It can be tough to find a snowshoe that offers the full package – performance, design, comfort, and cost. But I must say, after a review, I am pleasantly surprised at how much I love my Delano X2 snowshoes by Wildhorn Outfitters. This company, known for its ski and snowboard products, has recently stepped into the world of snowshoes, and what a great first impression.
I had the opportunity to test and use these snowshoes on a few snowshoe outings this spring while exploring Alaska. Here’s a rundown of the experience while breaking trail.
The Delano X2 offers quite a bit of traction, including three crampons directly underneath the toe, three between the toe and the ball of the foot, and three crampons underneath the heel. Each crampon is made of electroplated or coated steel and has multiple teeth of varying shapes, sizes, and angles.
The traction provided through the Delano X2 is enough that I would consider this to be a technical snowshoe. Even though there are mountaineering snowshoes with more traction, they also typically cost quite a bit more (up to triple) than the Delano X2.
For my needs, which involve steep climbs but are mostly recreational outings, the Delano X2 performed well. I had enough grip ascending on the trail and wasn’t concerned about slipping. I did have one very steep descent (about 50 degrees) in deep snow where I didn’t quite have the grip underneath my heel. However, I altered my technique and step-slided my way down in that case.
This snowshoe also comes with a steel heel raiser to help alleviate strain on the calf muscles. Heel lifts are quite a popular feature and helpful for steep climbs. I found it easy to pop up and down. Though personally, I don’t tend to use heel lifts very often.
Floatation, Design, and Size
A few outings required me to break trail in deep snow, and the Delano X2 floated as intended. No extra sinking here! I sank to about my lower calf on my outings, which is pretty typical for me. Since the snowshoe’s shape is fairly wide, it provides the surface area to distribute weight and limit sinking in deep snow.
If the conditions may change over the course of your hike and you’re not sure whether you’ll need snowshoes, the Delano X2 snowshoes are also easy to attach to your pack when not in use. My snowshoes came with Wildhorn’s velcro straps, which I threaded through the loops on my backpack for a front carry.
Also, for this review, I used a size 22 model of the Delano X2 snowshoes. According to Wildhorn, this size is optimal for 80-160 lbs (36- 72.5 kg). However, you can choose a size 28 model, optimal for 160-235 lbs (72.5- 106.5 kg). Snowshoe sizing, in general, can be tricky. Thus, I recommend considering boot size and weight recommendation to find the snowshoe size right for you.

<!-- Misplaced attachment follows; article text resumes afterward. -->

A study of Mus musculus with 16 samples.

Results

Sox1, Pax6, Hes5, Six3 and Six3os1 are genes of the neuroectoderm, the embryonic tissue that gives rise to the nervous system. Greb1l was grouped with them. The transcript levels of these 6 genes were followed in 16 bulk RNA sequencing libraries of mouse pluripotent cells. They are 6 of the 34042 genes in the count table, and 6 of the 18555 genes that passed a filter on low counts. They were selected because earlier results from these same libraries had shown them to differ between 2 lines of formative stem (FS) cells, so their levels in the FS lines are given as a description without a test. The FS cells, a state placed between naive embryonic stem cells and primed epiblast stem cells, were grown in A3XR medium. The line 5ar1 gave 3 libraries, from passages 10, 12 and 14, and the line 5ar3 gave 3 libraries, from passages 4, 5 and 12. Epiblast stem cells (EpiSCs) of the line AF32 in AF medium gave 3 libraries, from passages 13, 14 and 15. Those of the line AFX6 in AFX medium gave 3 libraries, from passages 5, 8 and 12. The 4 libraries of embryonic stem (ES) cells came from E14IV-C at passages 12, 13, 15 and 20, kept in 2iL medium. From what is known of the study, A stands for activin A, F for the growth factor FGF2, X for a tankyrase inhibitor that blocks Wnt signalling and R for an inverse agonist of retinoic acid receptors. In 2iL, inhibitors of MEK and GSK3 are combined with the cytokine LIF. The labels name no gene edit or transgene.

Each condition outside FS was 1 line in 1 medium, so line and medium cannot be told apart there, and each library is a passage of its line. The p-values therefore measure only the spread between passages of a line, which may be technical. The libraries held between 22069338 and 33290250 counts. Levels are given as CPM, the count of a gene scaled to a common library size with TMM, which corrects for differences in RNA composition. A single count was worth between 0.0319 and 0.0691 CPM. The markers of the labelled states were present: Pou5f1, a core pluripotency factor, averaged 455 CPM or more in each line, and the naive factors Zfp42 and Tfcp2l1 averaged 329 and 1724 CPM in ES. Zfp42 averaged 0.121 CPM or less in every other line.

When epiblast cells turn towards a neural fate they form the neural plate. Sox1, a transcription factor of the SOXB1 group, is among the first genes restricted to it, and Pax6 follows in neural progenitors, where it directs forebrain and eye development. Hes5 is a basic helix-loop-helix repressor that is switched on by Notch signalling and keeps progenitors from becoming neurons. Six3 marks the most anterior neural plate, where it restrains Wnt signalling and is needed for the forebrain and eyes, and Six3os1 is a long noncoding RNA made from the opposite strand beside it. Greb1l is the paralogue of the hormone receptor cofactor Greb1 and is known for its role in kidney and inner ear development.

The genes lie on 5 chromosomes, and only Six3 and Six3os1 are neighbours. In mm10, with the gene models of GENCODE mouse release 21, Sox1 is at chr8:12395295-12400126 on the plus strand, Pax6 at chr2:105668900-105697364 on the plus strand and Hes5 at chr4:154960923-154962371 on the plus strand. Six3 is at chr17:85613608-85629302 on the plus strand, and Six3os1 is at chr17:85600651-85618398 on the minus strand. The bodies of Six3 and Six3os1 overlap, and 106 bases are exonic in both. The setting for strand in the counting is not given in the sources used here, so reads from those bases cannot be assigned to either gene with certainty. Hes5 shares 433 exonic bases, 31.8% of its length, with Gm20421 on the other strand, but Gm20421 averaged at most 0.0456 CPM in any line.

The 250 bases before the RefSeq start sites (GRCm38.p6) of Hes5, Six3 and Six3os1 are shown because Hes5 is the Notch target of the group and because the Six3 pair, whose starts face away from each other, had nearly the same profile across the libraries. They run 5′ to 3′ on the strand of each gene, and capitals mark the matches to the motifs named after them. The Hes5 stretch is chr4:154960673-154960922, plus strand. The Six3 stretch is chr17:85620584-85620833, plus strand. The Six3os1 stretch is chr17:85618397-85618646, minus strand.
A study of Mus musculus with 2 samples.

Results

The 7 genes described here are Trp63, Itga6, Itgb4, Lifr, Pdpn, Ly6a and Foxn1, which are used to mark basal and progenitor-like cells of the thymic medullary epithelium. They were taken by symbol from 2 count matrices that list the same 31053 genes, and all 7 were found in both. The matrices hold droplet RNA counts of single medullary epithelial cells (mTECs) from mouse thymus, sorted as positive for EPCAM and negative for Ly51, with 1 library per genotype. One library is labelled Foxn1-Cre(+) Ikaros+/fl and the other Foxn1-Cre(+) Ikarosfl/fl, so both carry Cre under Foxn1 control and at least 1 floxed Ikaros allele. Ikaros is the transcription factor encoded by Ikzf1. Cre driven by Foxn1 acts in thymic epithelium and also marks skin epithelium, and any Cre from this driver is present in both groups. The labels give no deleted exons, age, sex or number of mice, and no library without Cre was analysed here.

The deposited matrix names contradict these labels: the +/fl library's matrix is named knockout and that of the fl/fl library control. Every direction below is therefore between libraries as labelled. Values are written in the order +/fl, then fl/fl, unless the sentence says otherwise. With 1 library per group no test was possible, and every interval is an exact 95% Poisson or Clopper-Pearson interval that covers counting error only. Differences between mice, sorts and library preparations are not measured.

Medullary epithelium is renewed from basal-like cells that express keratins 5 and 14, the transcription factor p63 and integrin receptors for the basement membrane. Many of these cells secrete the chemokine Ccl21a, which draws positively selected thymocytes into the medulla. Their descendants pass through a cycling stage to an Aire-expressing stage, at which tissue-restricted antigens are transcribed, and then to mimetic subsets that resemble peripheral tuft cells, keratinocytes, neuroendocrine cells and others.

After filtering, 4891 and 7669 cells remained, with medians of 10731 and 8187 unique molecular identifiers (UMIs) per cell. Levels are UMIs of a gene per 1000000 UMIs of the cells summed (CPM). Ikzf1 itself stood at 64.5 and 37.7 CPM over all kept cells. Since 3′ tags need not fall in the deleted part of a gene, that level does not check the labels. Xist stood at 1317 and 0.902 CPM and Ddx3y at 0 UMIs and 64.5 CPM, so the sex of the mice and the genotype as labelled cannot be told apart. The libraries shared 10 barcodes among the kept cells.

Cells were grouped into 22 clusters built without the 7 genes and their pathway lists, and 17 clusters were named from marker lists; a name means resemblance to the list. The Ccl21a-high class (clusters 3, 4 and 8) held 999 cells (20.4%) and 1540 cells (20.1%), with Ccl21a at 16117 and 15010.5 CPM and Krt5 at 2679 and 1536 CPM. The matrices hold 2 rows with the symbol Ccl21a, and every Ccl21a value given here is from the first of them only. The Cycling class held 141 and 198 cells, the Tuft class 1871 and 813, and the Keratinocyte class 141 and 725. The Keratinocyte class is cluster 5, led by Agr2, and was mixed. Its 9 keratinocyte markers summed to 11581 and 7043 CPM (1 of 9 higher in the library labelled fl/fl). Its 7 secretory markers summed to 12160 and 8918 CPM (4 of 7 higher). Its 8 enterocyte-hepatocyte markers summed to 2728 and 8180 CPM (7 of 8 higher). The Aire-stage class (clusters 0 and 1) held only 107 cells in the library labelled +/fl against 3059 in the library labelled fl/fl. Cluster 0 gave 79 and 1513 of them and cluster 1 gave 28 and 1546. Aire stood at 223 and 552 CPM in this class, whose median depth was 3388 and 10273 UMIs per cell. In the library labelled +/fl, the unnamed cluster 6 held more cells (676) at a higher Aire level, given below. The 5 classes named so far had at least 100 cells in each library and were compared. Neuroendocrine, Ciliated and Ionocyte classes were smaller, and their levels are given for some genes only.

One final note about sizing: Though the 22″ provided excellent floatation for me because it has a wide surface area, I also have a pretty narrow stride. So, occasionally I would step on my snowshoes as I was walking. I never fell, thankfully. But for those who also have a narrow stride, I recommend being cautious of your steps as you’re walking.
Read More: 7 Beginner Snowshoes for Varied Terrain
Binding Fit and Comfort
Speaking of finding the right size, let’s talk about fit and comfort in the snow. Many snowshoe bindings are either love or hate for me. The Lock n’ Load quick lock and release straps of the Delano X2 are much more towards the love side of the spectrum.
First, I placed my foot on the grip pad with my toes about one to two inches from the top of the opening. When I say “placed,” I do recommend placing instead of sliding your foot in the binding. The Delano X2 has a textured grip pad for your foot, and boy, it works! Your foot won’t slip at all on the trail, but that means it also won’t slip into the binding.
Once your foot is placed in the binding, tightening is a cinch. Haha, see what I did there? You can use the quick cinch binding to pull the black straps up, and it tightens straight away. The heel strap on Delano X2 is a standard TPU strap, so you just pull it tight and secure the excess in the strap holder. While snowshoeing, I didn’t feel my foot slip at all, nor did I have any issues with rubbing or my foot leaning inwards, which sometimes happens in other snowshoes.
Getting out of the binding is easy once you’re all snowshoed out for the day. Wildhorn recommends using the quick pull release (the gray strap in the binding) to exit. However, I found it easier to simply lift the gray lock on each strap and pull the main black strap up because of the angle while removing my snowshoes. I did the same for the heel strap and just lifted the gray lock and pulled the heel strap to loosen.
The Delano X2 is a low-cost, versatile, easy-to-use snowshoe that provides floatation, grip, and comfort for all levels of snowshoe outings. As time goes on after this review, I’m looking forward to seeing how the materials of the Delano X2 snowshoes hold up. More to come, and here’s to future snowshoeing adventures with the Delano X2!
Grab your own pair of 22″ or 28″ Delano X2 snowshoes at Wildhorn Outfitters for $159.99.
Are you familiar with Wildhorn Outfitters and/or the Delano X2? Have you used these snowshoes, or would you give them a try? Please share your thoughts with us in the comments below.
Wildhorn Outfitters provided the Delano X2 snowshoes for testing. All of the thoughts and opinions expressed in this article are based on the author’s genuine experience with the product. This article was first published on April 22, 2022, and most recently updated on January 23, 2023.